Important update: Healthcare facilities
CDC has updated select ways to operate healthcare systems effectively in response to COVID-19 vaccination. Learn more
To maximize protection from the Delta variant and prevent possibly spreading it to others, get vaccinated as soon as you can and wear a mask indoors in public if you are in an area of substantial or high transmission.
UPDATE
Given new evidence on the B.1.617.2 (Delta) variant, CDC has updated the guidance for fully vaccinated people. CDC recommends universal indoor masking for all teachers, staff, students, and visitors to K-12 schools, regardless of vaccination status. Children should return to full-time in-person learning in the fall with layered prevention strategies in place.
UPDATE
The White House announced that vaccines will be required for international travelers coming into the United States, with an effective date of November 8, 2021. For purposes of entry into the United States, vaccines accepted will include FDA approved or authorized and WHO Emergency Use Listing vaccines. More information is available here.

Why CDC Measures Vaccine Effectiveness

Why CDC Measures Vaccine Effectiveness

After the U.S. Food and Drug Administration (FDA) approves a vaccine or authorizes a vaccine for emergency use, experts continue to assess how well the vaccine is working in real-world conditions. These are known as vaccine effectiveness (“VE”) studies. The goal is to understand how a vaccine protects people outside of strict clinical trial settings.

CDC and other partners assess how COVID-19 vaccines work in real-world conditions. Assessing how vaccines work in the real-world is important to:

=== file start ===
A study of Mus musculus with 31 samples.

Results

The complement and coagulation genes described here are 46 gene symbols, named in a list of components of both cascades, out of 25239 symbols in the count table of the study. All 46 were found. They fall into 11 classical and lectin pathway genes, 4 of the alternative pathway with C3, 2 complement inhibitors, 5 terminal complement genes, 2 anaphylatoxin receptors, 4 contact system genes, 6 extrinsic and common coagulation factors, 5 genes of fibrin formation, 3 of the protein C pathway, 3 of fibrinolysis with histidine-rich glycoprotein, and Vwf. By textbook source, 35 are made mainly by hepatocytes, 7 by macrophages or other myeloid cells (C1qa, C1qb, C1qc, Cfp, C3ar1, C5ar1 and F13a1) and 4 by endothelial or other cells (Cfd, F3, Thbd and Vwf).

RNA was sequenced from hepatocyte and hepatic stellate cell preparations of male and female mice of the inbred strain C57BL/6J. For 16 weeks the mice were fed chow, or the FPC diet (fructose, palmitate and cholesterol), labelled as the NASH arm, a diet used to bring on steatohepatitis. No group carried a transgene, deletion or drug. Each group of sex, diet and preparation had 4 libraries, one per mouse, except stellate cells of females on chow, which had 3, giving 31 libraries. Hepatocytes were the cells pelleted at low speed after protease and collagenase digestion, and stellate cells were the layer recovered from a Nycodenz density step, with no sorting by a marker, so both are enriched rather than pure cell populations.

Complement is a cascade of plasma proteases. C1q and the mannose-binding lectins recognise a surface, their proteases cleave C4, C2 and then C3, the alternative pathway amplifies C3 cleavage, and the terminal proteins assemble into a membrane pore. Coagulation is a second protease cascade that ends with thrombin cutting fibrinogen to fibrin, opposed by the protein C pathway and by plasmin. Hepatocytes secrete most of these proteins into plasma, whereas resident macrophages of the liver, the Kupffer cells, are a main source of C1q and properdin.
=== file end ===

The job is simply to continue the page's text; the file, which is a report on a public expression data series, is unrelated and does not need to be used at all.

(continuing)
• Learn if vaccines offer the same protection seen in clinical trials.
  • Adjust vaccine recommendations, as needed.
  • Learn why and how often breakthrough cases (people getting sick after vaccination) occur.
  • Learn how vaccines protect against COVID-19 variants.
  • Inform vaccine policy and vaccine distribution.
  • Inform future development of vaccine technologies.

Clinical Trial Results Show COVID-19 Vaccines Are Effective

Clinical trialsexternal icon provide data and information about how well a vaccine prevents a disease and about how safe it is. The Food and Drug Administration (FDA) evaluates these data, along with information from the manufacturer, to assess the safety and effectiveness of the vaccine. FDA then decides whether to approve a vaccine or authorize it for emergency use in the United States.

Based on evidence from clinical trials, all COVID-19 vaccines approved for use in the United States were effective at preventing laboratory-confirmed COVID-19 illness in people who received two doses and who had no evidence of being previously infected.

For more information on clinical trial data for each of the COVID-19 vaccines approved for use in the United States:

More assessments take place after a vaccine is either approved or authorized for emergency use by FDA. The goal of these assessments is to understand more about the protection a vaccine provides under real-world conditions, outside of strict clinical trial settings.

Real-World COVID-19 Vaccine Effectiveness Can Differ

CDC and partners assess the effectiveness of COVID-19 vaccines approved or authorized for emergency use by FDA and recommended for public use in the United States.

CDC is assessing how well COVID-19 vaccines work in real-world conditions. Some real-world assessments observe both people who get vaccinated and those who don’t to see how many people in each group become ill with COVID-19. Some assessments look at how COVID-19 vaccine effectiveness differs for people who are partially vaccinated compared to those who are fully vaccinated.

Many factors can affect how a vaccine works in real-world conditions. These factors include:

  • Host factors such as people not included in clinical trials who may respond differently to the vaccine
  • Virus factors such as variants
  • Programmatic factors such as following dosing schedules or storing and handling vaccines properly

Understanding how COVID-19 vaccines work in real-world conditions will allow CDC, FDA, and other partners to ensure vaccines offer real-world protection against COVID-19.